Friday, March 03, 2006

"Enigma" message cracked!

This is a story that is on the "front page" of yahoo, so this is not exactly a scoop, but it is really interesting. An amateur cryptographer named Stefan Krah and a whole slew of computers broke the German WWII code created using their "Enigma" code machine. The project started January 9th, and the first code was cracked on February 20.

The project was not "Let's guess a billion times and see what happens." Rather, it was a combination of a huge amount of directed knowledge of how the enigma machine works, how the German language (and German naval terms) works, and how in general cryptography works. Then, using this knowledge, Krah created a computer program that then applies this information to try combinations to crack the code.

The program was written to allow for a coordinated effort of many computers to help break the code. This use of multiple, ganged, computers to share the work on a single task is called "distributed computing." The program runs in the background on a computer and works on these programs when the computer is otherwise idle. Since most people these days use their computer for web browsing or writing letters, computers are basically always idle.

For the first several days (up until Feb 10) only ten computers were working on it. Because of the publicity on slashdot and others, the number of participants was 2,500(!). This is a lot of raw power.

Distributed computing is the "wave of the future" except that it is extremely difficult to do. It is hard to coodinate the actions of more than one computer. As a result, we have a computing model where your computer is sitting idle most of the time asking for web pages on a server that is also serving web pages to a large, large number of other people. Your computer is mostly idle. The server is mostly working. There is a discrepency there. Your computer should share some of the load, but it really doesn't.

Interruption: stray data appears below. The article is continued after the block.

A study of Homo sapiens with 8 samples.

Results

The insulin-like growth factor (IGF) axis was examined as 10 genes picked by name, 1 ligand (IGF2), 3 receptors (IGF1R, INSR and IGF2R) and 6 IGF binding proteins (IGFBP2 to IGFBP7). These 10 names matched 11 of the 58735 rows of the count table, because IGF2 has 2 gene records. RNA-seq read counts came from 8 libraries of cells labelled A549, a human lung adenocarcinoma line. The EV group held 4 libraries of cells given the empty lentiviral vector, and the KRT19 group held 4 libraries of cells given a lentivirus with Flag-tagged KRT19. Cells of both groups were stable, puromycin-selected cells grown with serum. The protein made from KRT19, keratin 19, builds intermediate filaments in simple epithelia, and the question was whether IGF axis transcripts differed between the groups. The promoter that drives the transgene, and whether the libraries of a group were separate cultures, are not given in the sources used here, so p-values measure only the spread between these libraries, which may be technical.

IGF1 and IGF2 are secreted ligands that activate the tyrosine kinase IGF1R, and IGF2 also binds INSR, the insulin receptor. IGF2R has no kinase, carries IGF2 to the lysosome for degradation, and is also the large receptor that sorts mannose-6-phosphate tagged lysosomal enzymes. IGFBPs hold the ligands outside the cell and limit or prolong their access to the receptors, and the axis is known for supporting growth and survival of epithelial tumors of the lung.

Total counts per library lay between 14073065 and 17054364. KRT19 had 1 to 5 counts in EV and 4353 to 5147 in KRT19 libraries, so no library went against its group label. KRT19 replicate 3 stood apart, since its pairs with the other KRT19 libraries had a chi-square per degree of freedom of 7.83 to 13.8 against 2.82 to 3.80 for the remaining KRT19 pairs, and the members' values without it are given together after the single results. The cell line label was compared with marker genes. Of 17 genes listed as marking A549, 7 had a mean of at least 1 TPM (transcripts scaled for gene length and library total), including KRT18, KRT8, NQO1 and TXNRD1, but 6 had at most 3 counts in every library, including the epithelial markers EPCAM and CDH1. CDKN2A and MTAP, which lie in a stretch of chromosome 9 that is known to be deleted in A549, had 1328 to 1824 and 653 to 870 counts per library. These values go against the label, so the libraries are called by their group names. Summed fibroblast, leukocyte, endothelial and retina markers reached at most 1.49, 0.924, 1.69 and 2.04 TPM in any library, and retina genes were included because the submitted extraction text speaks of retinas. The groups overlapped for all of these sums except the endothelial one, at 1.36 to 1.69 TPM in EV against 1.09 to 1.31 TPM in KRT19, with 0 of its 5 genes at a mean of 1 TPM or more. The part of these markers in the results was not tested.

I do not have the exact numbers, but I am certain that if you were to add up all the
computing power wasted one hour today, that it would be more than all the computing power that existed in all of 1980. That date could even possibly be moved forward to 1990. There are an awful lot of computers out there doing nothing!

Projects like this show the power of this large pool of untapped computing power. Other projects, such as the SETI project, have done similar work of distributing work across a large number of computers.

The real code to crack is how to crack into this sea of unused computing power! Software has to catch up with the advances in processors and communications -- but it will. The sea of raw computing potential out there is like the seas of oil in the ground in 1870 -- lots of potential, but untapped. It will be tapped, and when it is, wow! You think iTunes and Google are cool, just wait!